These hitters were ‘classic’ in the ‘Fall Classic’
SHEPHERDSTOWN — The World Series is near. Some players enhanced their reputations with what they did in the so-called “Fall Classic.” Others failed to produce and are rarely mentioned when the games come on television.
Some of baseball’s most recognized names earned their plaudits when they tormented opponents in the World Series.
The following hitters had some of the best statistics in history for those who played in at least two World Series.
Babe Ruth was often at his best as both a hitter and pitcher. In two World Series’ with the Red Sox as a pitcher, Ruth went 3-0, pitched 31 innings and had ERA’s of 0.64 and 1.06. With the Yankees in his seven World Series with the Bronx Bombers, Ruth played in 41 games, batted .326 in 129 at-bats. He scored 37 runs, had 42 hits and 15 homers.
The Yankees had Lou Gehrig, who also was in seven World Series, playing 34 games and having 119 official at-bats. The Iron Horse scored 30 runs, had 43 hits and 10 homers while compiling a .361 batting average.
Another slugger from the era when there were only 16 teams in the majors was Al “Bucket Foot” Simmons, who didn’t run very well but could hit. Simmons was in four different World Series and had a career .329 batting average in 19 games. He had six home runs, 17 RBIs, six homers and six doubles.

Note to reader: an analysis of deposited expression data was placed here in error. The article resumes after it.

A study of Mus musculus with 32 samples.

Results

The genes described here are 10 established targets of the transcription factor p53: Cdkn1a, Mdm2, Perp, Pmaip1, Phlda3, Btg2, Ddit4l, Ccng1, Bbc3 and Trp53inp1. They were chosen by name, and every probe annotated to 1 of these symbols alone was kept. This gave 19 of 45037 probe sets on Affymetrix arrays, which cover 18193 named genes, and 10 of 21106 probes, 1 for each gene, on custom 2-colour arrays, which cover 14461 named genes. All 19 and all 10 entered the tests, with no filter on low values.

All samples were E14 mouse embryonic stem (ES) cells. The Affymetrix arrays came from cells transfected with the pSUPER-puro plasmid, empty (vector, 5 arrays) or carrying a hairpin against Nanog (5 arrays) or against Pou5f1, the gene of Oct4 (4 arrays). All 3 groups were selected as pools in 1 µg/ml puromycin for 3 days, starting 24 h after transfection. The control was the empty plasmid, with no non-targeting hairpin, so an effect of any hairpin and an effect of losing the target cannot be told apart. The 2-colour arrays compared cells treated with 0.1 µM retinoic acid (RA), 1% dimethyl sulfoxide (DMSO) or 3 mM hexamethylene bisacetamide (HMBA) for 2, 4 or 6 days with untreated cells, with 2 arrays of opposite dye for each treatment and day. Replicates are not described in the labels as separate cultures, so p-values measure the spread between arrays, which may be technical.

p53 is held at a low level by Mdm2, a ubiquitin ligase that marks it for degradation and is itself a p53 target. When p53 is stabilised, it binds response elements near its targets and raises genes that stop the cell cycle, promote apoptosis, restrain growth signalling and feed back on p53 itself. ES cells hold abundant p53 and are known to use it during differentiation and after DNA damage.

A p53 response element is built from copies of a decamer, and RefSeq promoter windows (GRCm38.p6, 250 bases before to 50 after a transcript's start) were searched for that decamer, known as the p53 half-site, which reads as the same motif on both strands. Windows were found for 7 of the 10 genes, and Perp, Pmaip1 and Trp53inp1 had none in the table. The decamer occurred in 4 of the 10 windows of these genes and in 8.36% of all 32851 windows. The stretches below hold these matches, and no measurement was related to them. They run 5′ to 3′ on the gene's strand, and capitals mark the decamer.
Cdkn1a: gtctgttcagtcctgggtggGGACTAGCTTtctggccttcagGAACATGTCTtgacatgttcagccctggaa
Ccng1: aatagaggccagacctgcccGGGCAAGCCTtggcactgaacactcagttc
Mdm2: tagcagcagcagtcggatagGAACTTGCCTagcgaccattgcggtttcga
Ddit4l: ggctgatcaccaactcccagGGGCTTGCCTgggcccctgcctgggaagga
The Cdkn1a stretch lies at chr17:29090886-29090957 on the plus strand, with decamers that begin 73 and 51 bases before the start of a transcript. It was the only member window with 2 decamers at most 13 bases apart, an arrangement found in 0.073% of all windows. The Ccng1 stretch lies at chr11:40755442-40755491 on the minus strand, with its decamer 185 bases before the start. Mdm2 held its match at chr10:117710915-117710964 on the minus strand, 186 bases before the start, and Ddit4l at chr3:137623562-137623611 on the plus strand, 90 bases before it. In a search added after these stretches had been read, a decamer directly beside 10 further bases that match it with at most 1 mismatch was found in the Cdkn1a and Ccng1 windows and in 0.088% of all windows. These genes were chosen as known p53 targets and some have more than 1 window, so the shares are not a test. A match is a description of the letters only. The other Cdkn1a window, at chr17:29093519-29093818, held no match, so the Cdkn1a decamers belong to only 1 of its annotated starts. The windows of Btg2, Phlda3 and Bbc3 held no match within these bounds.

Some 37 to 45 years ago it was Reggie Jackson, playing for Oakland and the Yankees, who owned the nickname “Mr. October” for his feats in his five different World Series. Jackson appeared in 27 games, had 98 official at-bats, scored 21 runs, had 35 hits, 10 home runs and a .367 batting average. Jackson played in the Fall Classic in 1973, 1974, 1977, 1978 and 1981.
The Wild Horse of the Osage was Pepper Martin of the St. Louis Cardinal Gashouse Gang teams.
The five-foot-eight Martin was in 15 World Series games and compiled a .418 batting average in his 55 at-bats. He scored 14 runs, had 23 hits in the three World Series he reached with the Cardinals.
Outfielder Lou Brock was often at his best in causing problems for the World Series opponents of the St. Louis Cardinals in the late 1960s. Brock was a base stealing genius during the regular seasons he played and did much the same in the post-season. He appeared in 21 games and batted a robust .391. Brock stole 14 bases, scored 16 runs, had 13 RBIs and even hit four homers from his leadoff spot in the batting order.
New York’s Derek Jeter was a latter-day “Mr. October” when he was on five World Series champions and batted .321 in his 38 games. Jeter had nine career doubles, three homers and scored 32 runs.
Paul Molitor was in two World Series and tied Martin for the best batting average for those reaching at least two series. With his 55 official at-bats, Molitor batted .418 in 13 games. Now the manager of the Minnesota Twins, Molitor played for Milwaukee and Toronto in his fall classics.
It seems appropriate that Ruth and Gehrig, two of baseball’s most enduring names, did so much slugging in their World Series appearances.